It’s a couple of days after Remembrance Day. We’ve taken off our poppies, returned to work and school, and our thoughts are now moving towards when to take out the Christmas decorations. It’s the same whether you’re a civilian or in uniform. We all came together to pause, remember and give thanks at 11 a.m. on the 11th day of the 11th month and with that duty performed we keep going.
I’d like to suggest we keep going together. It is a well-researched and documented fact that although soldiers do fight for ‘Queen and country’ and other noble causes, the main reason soldiers are willing to risk and potentially lose their lives is for their brothers and sisters in arms – their friends, their trench-mates and their fellow crew members. In a nutshell, soldiers fight for each other. Having survived through the realities of war, our veterans also feel compelled to maintain societal awareness as a means to dissuade future conflict.
For families of veterans, both living and fallen, Remembrance Day also serves a very important function – that of education and understanding. Which is why I believe that while Remembrance Day is important, it is only a means to an end. If we are to actually achieve what veterans want – to learn through remembrance so we can avoid future conflicts, we need to practise the act of remembrance throughout the year. In that spirit, I offer a few ideas to make acts of remembrance something we do throughout the year.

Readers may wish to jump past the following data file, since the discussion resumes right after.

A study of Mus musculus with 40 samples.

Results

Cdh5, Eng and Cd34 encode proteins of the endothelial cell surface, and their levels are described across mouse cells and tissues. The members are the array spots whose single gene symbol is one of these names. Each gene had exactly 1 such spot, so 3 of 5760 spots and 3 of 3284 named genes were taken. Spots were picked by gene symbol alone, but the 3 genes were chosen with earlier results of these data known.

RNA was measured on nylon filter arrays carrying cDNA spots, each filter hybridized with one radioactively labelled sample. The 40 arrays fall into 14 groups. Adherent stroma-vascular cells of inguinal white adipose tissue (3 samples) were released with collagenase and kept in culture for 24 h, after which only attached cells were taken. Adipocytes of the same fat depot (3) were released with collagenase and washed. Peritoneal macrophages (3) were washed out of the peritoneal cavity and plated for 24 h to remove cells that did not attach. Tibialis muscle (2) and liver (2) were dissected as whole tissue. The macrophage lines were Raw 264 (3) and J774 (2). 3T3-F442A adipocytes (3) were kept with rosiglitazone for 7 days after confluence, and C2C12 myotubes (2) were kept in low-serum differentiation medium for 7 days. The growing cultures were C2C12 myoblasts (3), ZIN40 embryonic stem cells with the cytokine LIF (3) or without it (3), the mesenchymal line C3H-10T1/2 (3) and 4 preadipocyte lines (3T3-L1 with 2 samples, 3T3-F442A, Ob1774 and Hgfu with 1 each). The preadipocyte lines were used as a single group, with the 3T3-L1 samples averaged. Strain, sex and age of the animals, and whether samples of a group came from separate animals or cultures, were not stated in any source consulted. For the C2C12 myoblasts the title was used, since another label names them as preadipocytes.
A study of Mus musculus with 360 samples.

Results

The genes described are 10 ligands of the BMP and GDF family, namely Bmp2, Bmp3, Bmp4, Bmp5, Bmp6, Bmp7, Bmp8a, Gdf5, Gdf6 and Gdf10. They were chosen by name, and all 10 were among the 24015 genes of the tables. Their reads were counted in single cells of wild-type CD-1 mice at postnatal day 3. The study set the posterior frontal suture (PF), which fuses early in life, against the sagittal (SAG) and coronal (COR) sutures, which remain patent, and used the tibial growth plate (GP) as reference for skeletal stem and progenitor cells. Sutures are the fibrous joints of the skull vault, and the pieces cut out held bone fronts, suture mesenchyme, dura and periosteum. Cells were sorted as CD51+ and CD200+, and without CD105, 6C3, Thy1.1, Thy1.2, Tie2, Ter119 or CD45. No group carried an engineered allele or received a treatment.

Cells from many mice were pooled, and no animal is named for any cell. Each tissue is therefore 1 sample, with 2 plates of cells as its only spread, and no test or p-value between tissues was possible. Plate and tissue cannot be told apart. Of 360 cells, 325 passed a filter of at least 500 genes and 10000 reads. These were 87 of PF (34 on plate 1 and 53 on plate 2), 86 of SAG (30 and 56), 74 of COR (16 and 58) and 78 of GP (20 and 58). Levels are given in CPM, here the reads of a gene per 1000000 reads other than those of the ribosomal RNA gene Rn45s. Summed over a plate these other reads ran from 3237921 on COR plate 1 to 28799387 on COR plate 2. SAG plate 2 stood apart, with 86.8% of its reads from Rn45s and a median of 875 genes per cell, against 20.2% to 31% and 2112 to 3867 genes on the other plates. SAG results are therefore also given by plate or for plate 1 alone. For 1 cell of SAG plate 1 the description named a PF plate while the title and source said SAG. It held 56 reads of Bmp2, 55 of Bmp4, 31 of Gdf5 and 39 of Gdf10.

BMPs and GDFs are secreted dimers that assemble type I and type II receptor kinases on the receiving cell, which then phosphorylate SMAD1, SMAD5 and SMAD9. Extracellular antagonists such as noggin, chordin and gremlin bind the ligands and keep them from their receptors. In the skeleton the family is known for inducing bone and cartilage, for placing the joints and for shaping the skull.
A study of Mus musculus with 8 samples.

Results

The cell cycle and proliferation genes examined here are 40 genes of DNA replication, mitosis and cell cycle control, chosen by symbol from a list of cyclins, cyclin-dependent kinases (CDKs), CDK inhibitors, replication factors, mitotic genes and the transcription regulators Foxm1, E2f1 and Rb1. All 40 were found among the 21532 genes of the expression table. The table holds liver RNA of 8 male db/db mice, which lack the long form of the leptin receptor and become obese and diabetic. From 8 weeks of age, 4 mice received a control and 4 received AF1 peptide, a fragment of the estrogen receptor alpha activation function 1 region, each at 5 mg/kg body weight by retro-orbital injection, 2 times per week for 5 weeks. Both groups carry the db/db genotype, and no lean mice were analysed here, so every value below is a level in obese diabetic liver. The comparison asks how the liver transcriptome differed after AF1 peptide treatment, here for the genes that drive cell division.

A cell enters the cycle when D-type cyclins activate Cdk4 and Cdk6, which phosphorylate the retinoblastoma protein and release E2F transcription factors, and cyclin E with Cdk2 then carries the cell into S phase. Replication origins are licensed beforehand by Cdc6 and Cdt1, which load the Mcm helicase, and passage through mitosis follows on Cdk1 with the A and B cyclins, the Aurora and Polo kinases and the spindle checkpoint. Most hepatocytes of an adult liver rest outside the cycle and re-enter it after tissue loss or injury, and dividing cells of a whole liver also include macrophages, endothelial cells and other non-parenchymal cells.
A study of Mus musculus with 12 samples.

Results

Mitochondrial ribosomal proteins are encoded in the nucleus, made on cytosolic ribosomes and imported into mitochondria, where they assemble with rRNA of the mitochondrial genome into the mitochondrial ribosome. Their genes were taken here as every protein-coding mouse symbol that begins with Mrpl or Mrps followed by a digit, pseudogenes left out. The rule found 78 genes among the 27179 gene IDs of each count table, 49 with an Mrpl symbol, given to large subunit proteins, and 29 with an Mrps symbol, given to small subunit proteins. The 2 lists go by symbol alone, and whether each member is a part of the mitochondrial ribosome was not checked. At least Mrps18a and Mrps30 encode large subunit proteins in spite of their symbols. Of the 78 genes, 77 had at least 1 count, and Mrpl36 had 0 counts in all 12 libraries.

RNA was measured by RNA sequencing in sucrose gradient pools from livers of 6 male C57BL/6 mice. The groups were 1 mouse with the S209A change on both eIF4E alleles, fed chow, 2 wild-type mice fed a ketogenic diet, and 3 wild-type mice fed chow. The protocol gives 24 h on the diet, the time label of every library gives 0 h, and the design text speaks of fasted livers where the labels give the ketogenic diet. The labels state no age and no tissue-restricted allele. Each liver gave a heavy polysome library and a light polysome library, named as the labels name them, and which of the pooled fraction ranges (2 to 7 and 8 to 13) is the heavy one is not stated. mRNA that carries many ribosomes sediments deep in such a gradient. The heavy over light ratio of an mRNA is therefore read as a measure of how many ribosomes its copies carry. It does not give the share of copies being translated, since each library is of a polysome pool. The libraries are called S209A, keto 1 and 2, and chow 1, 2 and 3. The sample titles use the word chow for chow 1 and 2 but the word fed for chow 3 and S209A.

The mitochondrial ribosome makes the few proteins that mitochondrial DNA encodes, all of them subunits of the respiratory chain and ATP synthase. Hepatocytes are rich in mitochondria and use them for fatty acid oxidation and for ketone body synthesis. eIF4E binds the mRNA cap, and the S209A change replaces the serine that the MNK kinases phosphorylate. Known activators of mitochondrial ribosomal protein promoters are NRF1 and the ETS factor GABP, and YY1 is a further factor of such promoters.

I have spent many an afternoon, on November 11th participating in post-parade receptions at Legions across Canada. It is a true ‘band of brothers and sisters’ spanning multiple generations and incredible experiences. Invariably, groups of veterans, serving soldiers, families and friends will subdivide into smaller, intimate groups.
The discussions always start off with comments on the weather, the length of the ceremony and other idle chatter. Invariably, a comment will be made about the dwindling number of veterans present at the ceremony and, over time, the discussion turns to reminisce about a time in a Veteran’s life where friendship, comradery and trench-mates were all important. Soldiers, both serving and retired, refer to this as telling war stories. The serving soldiers shut up and listen carefully as there is much to be learned from the veterans, it is truly an educational experience.
Our soldiers fully comprehend the importance of this interaction with our veterans and will often stay until late in the evening. It is of utmost importance to our veterans that their fallen friends and their reasons for fighting, not be forgotten and that future wars be avoided at all costs.
Drawing attention to these stories on Remembrance Day is critically important; learning from them in order to secure our peace and security is something we as citizens need to practise throughout the year.